What an inappropriate name for a country estate! Malmaison, bad house or house of evil. In a country where an idealized setting has “beau” or “belle” placed before its name as a suggestion of Arcadian delight, this could only be considered an ill-fated designation. According to history, the name goes back to Norman times when hordes of not so civilized warriors stomped across these fertile lands near Paris, any other interpretation being folk tale.
The house stands almost modest at the end of a short avenue, a glorified manor house, far from the architectural trappings of French country domains. Josephine de Beauharnais purchased it after marrying Napoleon. The house lacks a monumental staircase. Access to the upper floors is out of sight, on a simple staircase behind the consular wall decorations of Percier and Fontaine, a detail reflecting the simplicity of style she wanted to bestow on the whole environment. The extensive park was redesigned, exotic species planted and merino sheep, then little known in France, brought to grace the grounds. The landlady spent her time there tending to her gardening passion: roses. She no doubt shared the pastoral philosophy of the unlucky Marie-Antoinette in her rustic retreat. Yet, Josephine, curiously named Rose before she met Napoleon, had a more pragmatic view of these ideas, having partaken of the turbulence of the revolutionary early years. She was herself in prison from where her former husband did not escape. For this contemporary heroine, Malmaison was the location of her intense devotion for Napoleon and later the shelter of her sorrow.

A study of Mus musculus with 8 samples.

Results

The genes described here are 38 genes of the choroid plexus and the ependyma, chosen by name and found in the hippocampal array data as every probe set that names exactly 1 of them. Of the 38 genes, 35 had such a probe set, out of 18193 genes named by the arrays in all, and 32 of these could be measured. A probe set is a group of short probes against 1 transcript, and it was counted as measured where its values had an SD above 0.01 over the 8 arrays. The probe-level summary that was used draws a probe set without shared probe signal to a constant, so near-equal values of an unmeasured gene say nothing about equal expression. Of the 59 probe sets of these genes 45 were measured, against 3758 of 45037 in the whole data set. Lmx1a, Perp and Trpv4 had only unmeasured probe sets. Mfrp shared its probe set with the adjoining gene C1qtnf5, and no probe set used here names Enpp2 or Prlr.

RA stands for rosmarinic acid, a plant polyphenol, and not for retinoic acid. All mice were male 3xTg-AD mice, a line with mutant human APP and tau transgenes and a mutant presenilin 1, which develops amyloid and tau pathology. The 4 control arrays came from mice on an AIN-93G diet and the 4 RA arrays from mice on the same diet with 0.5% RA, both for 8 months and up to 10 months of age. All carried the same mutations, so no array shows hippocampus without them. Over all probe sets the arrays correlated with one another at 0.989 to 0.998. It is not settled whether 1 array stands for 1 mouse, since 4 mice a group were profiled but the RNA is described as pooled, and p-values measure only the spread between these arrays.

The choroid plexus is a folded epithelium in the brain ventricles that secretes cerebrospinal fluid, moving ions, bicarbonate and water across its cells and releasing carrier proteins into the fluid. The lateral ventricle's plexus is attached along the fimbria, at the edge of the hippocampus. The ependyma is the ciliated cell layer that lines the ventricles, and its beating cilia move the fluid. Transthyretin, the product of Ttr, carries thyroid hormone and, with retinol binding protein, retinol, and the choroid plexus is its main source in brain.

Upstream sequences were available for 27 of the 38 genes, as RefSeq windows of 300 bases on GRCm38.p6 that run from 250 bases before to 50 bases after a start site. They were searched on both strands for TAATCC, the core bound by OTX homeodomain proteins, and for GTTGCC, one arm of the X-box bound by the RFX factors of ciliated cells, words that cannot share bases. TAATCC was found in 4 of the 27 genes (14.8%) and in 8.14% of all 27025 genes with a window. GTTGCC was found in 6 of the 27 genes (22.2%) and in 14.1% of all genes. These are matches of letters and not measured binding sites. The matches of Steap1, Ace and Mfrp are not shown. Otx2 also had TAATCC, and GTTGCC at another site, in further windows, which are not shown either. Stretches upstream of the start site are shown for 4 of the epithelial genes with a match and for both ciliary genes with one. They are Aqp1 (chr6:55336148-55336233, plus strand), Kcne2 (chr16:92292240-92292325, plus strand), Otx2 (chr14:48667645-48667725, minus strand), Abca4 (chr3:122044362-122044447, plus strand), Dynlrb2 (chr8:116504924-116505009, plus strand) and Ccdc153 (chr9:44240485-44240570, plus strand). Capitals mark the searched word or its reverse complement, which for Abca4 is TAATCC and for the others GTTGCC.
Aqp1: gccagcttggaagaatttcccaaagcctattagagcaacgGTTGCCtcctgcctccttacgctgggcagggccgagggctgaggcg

The bucolic setting became, after its acquisition in 1797, a botanical delight, a menagerie of exotic animals and the playground of the First Consul and his wife. According to Bourrienne, Napoleon’s private secretary, “except on the field of battle, I never saw him as happy as he was at Malmaison”. Yet, trouble soon crept into their lives. Josephine was nearly killed in an attempt on the Emperor’s life in Paris. Ugly arguments were frequent between the two due to his infidelity and her inability to produce an heir. Finally, the imperial divorce took place in January of 1810.
She continued to live at la Malmaison, with the honorary title of Empress. She did not repent her spendthrift ways, acquiring art, fashion and entertaining visiting royalty. One early spring evening of May, she took to bed after walking her guest, the Tsar Alexander I, on a visit through her gardens. The cold developed into a pneumonia from which she never recovered. She died four days later. For Josephine, this little paradise so lovingly redesigned hid a dark omen, a brutal sting. The prophetic name may not be folk tale after all.